Mass fossil site may prove tyrannosaurs lived in packs


SALT LAKE CITY – Ferocious tyrannosaur dinosaurs may not have been solitary predators as long envisioned, but more like social carnivores such as wolves, new research unveiled Monday found.

Paleontologists developed the theory while studying a mass tyrannosaur death site found seven years ago in the Grand Staircase-Escalante National Monument in southern Utah, one of two monuments that the Biden administration is considering restoring to their full size after former President Donald Trump shrunk them.

Using geochemical analysis of the bones and rock, a team of researchers with the University of Arkansas determined that the dinosaurs died and were buried in the same place and were not the result of fossils washing in from multiple areas.

The new Utah site is the third mass tyrannosaur grave site that’s been discovered in North America — bolstering a theory first developed 20 years ago that they lived in packs. However, more research needs to be done to make that argument, said Kristi Curry Rogers, a biology professor at Macalester College who wasn’t involved in the research but reviewed the finding Monday.

“It is a little tougher to be so sure that these data mean that these tyrannosaurs lived together in the good times,” Rogers said. “It’s possible that these animals may have lived in the same vicinity as one another without traveling together in a social group, and just came together around dwindling resources as times got tougher.”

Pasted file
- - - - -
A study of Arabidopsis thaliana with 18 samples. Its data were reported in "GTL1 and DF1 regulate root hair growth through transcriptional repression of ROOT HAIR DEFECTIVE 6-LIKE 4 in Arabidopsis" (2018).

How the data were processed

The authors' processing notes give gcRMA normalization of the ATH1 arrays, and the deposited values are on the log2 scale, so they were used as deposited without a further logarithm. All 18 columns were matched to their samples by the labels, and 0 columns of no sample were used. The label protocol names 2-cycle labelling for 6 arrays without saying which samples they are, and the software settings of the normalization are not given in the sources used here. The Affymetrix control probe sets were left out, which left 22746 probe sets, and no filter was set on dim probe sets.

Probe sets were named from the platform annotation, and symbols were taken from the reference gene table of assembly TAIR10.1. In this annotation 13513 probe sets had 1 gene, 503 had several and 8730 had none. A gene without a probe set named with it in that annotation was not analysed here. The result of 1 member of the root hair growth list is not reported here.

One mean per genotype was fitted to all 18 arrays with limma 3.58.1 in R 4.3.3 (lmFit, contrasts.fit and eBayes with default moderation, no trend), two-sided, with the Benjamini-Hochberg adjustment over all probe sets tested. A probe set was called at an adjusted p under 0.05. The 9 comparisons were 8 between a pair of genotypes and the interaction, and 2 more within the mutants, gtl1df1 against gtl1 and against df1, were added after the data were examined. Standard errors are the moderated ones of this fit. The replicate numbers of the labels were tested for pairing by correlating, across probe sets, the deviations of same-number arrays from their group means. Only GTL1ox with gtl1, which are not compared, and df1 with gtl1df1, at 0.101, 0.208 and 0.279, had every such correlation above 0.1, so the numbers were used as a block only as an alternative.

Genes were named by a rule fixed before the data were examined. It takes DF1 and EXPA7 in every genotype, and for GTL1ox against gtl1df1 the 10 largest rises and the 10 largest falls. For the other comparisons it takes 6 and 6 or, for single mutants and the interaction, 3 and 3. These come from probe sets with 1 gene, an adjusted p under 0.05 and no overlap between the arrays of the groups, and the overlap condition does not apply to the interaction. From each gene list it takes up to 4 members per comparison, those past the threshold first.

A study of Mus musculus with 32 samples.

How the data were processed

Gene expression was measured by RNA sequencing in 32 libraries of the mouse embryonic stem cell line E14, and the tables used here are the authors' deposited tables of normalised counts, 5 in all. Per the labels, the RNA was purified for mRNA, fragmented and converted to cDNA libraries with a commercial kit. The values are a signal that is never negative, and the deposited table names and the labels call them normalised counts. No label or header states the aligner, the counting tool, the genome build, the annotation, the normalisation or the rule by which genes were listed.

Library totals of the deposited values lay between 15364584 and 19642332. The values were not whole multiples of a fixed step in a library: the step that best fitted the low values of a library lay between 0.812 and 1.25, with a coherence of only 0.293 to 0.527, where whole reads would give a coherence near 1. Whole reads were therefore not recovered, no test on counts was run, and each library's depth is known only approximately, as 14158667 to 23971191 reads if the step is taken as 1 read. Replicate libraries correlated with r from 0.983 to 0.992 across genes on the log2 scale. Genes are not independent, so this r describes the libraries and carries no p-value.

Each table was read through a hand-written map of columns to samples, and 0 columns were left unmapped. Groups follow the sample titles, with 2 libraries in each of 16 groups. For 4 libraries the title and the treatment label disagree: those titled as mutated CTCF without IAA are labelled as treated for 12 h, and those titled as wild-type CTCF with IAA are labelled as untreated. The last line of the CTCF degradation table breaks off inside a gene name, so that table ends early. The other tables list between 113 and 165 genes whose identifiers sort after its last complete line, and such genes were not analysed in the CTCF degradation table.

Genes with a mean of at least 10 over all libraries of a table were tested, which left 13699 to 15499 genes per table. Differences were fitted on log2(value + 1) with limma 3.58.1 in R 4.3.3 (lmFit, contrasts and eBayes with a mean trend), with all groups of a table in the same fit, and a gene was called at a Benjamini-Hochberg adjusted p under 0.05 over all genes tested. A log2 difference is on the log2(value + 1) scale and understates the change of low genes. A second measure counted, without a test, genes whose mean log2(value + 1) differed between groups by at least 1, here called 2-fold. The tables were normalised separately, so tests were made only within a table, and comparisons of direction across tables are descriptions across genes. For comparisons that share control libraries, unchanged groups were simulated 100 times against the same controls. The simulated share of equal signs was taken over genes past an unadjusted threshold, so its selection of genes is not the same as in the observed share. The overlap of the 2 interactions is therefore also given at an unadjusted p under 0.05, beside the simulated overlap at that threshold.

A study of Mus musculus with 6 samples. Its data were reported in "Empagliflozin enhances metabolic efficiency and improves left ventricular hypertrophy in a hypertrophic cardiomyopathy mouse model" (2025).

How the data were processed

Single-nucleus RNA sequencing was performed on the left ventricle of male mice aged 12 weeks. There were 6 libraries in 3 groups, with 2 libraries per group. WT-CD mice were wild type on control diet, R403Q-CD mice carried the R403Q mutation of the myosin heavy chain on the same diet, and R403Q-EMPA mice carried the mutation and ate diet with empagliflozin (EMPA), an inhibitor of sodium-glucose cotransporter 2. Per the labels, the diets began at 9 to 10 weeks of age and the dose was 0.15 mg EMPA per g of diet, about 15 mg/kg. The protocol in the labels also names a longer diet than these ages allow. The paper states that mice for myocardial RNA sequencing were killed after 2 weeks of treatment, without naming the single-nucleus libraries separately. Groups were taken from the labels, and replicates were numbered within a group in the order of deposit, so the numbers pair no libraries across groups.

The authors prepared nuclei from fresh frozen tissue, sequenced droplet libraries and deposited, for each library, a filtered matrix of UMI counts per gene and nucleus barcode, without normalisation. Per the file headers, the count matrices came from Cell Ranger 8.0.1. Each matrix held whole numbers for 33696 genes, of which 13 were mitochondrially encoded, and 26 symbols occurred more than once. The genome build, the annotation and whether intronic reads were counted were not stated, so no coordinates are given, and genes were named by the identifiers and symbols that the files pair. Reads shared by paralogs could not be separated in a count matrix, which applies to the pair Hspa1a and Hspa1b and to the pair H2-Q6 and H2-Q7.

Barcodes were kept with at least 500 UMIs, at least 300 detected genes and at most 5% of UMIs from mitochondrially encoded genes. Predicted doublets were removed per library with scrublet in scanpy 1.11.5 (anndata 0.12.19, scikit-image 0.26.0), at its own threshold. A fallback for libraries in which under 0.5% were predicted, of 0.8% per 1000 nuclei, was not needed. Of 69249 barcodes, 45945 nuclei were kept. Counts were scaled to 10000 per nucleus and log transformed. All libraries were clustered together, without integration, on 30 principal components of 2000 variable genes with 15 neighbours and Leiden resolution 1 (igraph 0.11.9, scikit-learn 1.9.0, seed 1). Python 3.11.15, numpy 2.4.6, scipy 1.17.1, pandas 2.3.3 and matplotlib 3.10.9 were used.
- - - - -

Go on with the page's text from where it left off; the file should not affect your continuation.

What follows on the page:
In 2014, Bureau of Land Management paleontologist Alan Titus discovered the site, which was later named the Rainbows and Unicorns quarry because of the vast array of fossils contained inside. Excavation has been ongoing since the site's discovery because of the size of the area and volume of bones.

“I consider this a once-in-a-lifetime discovery for myself,” Titus told reporters during a virtual news conference. “I probably won’t find another site this exciting and scientifically significant during my career.”

The social tyrannosaurs theory began over 20 years ago when more than a dozen tyrannosaurs were found at a site in Alberta, Canada. Another mass death site in Montana again raised the possibility of social tyrannosaurs. Many scientists questioned the theory, arguing that the dinosaurs didn't have the brainpower to engage in sophisticated social interaction, Titus said.